Review: ALICE'S ADVENTURES UNDER GROUND, Barbican, 28 November 2016

It couldn't have been better timed. When Gerald Barry started work on his latest project - an operatic take on Alice's Adventures in Wonderland - the world was still rotating smoothly on its axis, business as usual. But fast-forward a year to the European premiere and we find ourselves in a topsy-turvy alternative reality, with a celebrity president, a UK soon to be out of Europe, and madness everywhere we turn. Suddenly a trip down a rabbit hole seems less a fantasy than a mirror for absurdities rather closer to home. But if the absurdity feels familiar, the mood is quite the reverse, because Barry's opera is utterly, bewitchingly joyful - 50 minutes of batter-you-round-the-head-with-a-bunch-of-flowers brilliance.

If condensing Lewis Carroll's extravagant tale into 50 minutes and just seven singers sounds impossible then, like Alice herself, you'd better get used to believing six impossible things before breakfast. Barry makes it work by sheer force of musical will, hurling his ideas into a score that doesn't draw breath from its first ebullient orchestral arpeggios to its sudden, ambiguous ending, dashing like the terminally unpunctual White Rabbit from scene to scene at breakneck pace. If you thought Barry's glorious The Importance of Being Earnest was swift then think again. In many ways it was just the warm-up for this operatic sprint.

Who else but soprano Barbara Hannigan could be Barry's Alice? This long-standing collaboration has already yielded the deliciously brittle Cecily Cardew in Earnest (who could forget that loudspeaker battle with Gwendolen) and La Plus Forte - a one-act opera for soprano and orchestra - and now an Alice who has long since left off playing the straight man to the fantastical folk around her, and has joined them in their colourful madness. Matching the orchestra scale for scale in a virtuoso opening, it's Hannigan who sets up the opera's curious additional narrative in which rabbit-hole activities (croquet matches, knights' duels, tea parties) become the surreal double for musical ones, whether piano lessons or singer's warm-ups.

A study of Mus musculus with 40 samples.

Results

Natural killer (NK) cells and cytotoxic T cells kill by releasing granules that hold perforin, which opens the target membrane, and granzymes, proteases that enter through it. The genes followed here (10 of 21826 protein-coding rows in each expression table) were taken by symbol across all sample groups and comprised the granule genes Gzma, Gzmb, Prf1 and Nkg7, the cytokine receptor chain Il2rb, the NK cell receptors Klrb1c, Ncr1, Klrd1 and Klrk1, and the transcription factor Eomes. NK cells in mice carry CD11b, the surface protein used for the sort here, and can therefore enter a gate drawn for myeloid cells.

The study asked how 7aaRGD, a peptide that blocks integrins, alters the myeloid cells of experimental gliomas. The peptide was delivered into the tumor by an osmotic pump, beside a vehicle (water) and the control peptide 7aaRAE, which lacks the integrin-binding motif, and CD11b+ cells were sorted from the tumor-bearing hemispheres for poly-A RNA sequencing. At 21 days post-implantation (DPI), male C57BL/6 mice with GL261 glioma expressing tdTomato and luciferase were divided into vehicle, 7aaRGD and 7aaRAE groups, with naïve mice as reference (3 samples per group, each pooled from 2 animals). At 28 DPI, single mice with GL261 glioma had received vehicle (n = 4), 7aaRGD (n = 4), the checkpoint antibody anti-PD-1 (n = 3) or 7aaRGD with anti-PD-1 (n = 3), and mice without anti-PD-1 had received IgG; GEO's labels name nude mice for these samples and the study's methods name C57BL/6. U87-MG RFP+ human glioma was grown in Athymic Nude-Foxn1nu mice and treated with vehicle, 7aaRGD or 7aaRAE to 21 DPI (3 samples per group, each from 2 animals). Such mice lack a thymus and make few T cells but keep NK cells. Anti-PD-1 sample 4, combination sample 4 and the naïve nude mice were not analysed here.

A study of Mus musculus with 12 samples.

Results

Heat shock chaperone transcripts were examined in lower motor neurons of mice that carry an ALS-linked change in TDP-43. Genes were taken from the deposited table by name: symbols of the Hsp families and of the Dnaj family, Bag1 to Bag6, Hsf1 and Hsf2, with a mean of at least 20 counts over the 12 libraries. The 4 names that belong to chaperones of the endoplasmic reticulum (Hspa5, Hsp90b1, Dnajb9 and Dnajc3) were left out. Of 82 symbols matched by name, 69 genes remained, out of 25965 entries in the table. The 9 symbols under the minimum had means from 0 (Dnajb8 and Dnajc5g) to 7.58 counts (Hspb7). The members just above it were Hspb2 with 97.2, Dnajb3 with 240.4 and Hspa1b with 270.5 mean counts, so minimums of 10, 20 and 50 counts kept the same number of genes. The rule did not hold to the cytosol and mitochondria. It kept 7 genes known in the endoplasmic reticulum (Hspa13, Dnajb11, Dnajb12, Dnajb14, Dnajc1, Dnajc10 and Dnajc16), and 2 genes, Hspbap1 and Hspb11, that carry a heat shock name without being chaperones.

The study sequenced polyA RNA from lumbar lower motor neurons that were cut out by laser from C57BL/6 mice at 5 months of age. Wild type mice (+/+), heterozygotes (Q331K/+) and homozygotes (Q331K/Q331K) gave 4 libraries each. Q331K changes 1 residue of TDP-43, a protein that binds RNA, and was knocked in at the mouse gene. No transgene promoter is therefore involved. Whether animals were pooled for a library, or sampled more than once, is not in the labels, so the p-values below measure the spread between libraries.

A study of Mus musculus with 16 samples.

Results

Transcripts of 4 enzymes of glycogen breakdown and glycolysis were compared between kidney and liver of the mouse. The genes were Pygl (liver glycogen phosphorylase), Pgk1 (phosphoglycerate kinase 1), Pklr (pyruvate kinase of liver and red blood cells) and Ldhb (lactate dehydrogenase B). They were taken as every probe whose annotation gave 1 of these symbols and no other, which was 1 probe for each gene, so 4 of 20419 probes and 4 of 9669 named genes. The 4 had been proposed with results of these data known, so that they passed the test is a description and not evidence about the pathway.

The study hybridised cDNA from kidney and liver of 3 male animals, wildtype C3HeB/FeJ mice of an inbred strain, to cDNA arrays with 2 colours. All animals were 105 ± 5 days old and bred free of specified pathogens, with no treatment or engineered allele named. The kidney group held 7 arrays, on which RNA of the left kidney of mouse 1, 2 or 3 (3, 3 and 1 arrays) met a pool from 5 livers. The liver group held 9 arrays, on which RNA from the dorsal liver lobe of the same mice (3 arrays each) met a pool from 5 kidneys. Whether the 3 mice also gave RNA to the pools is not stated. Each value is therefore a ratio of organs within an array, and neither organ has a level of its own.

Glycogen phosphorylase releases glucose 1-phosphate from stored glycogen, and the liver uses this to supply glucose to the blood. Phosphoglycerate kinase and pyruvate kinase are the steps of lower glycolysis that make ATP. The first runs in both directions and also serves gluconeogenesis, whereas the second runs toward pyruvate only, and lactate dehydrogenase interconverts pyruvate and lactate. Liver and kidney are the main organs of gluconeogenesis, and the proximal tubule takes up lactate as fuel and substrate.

We're all mad in music, Barry seems to say, and nobody more so than the Britten Sinfonia, who under Thomas Ades's baton gamely hurl themselves into a moto perpetuo of a score that drags along with it a hefty quota of brass (including tuba and bass trombone) as well a clanking, metallic woodwind section, used almost percussively at times. As with Earnest before there are some deliciously apt textural moments in the score.

A duet for dormouse (Hilary Summers' quivering contralto) and double bass, an unexpectedly patrician waltz for the two duelling knights (Mark Stone and Joshua Bloom) and a stumbling, catch-me-if-you-can Walrus & Carpenter duet for Summers and soprano Alison Cook, in which the musical porpoise really does threaten to tread on the melodic tail in front of him. Allan Clayton's White Rabbit chatters and mutters with desperate urgency, the crazed leader of a quartet of male voices (Pete Tantsits, Mark Stone, Joshua Bloom) whose ensembles offer some of the more outright surreal moments of the evenings.

Barry's unpredictable invention, his magpie ear for musical borrowings and his giddy disregard for beauty in any conventional sense makes for an exhilarating night in the concert hall. Could it transfer to the opera house? It's hard to see how. The sheer pace of the stage directions, flying past in the surtitles faster than the audience could read them, suggests that live action might simple be too slow, too cumbersome. Animation? Perhaps. At barely an hour's length Alice is only half an evening's opera - an expensive proposition for any house, and a tricky piece to pair. But all Carroll's imaginative fantasy is there in the score, which - as we saw last night - needs no help to conjure its images.

The startling joy of Earnest is the friction between composer and material, the joyous collision of orderly, drawing-room comedy and anarchic musical madcappery. Barry brought out something latent in Wilde's play, ripped it at the seams while preserving its essence. In Alice, Barry has a source so close to his own aesthetic that while the fusion is skilful and elegant, it inevitably lacks the revelatory impact of the earlier project. Only in the sudden chill of the ending - a sharp breeze at the end of an early summer day - catches some of that surprise, that emotive invention.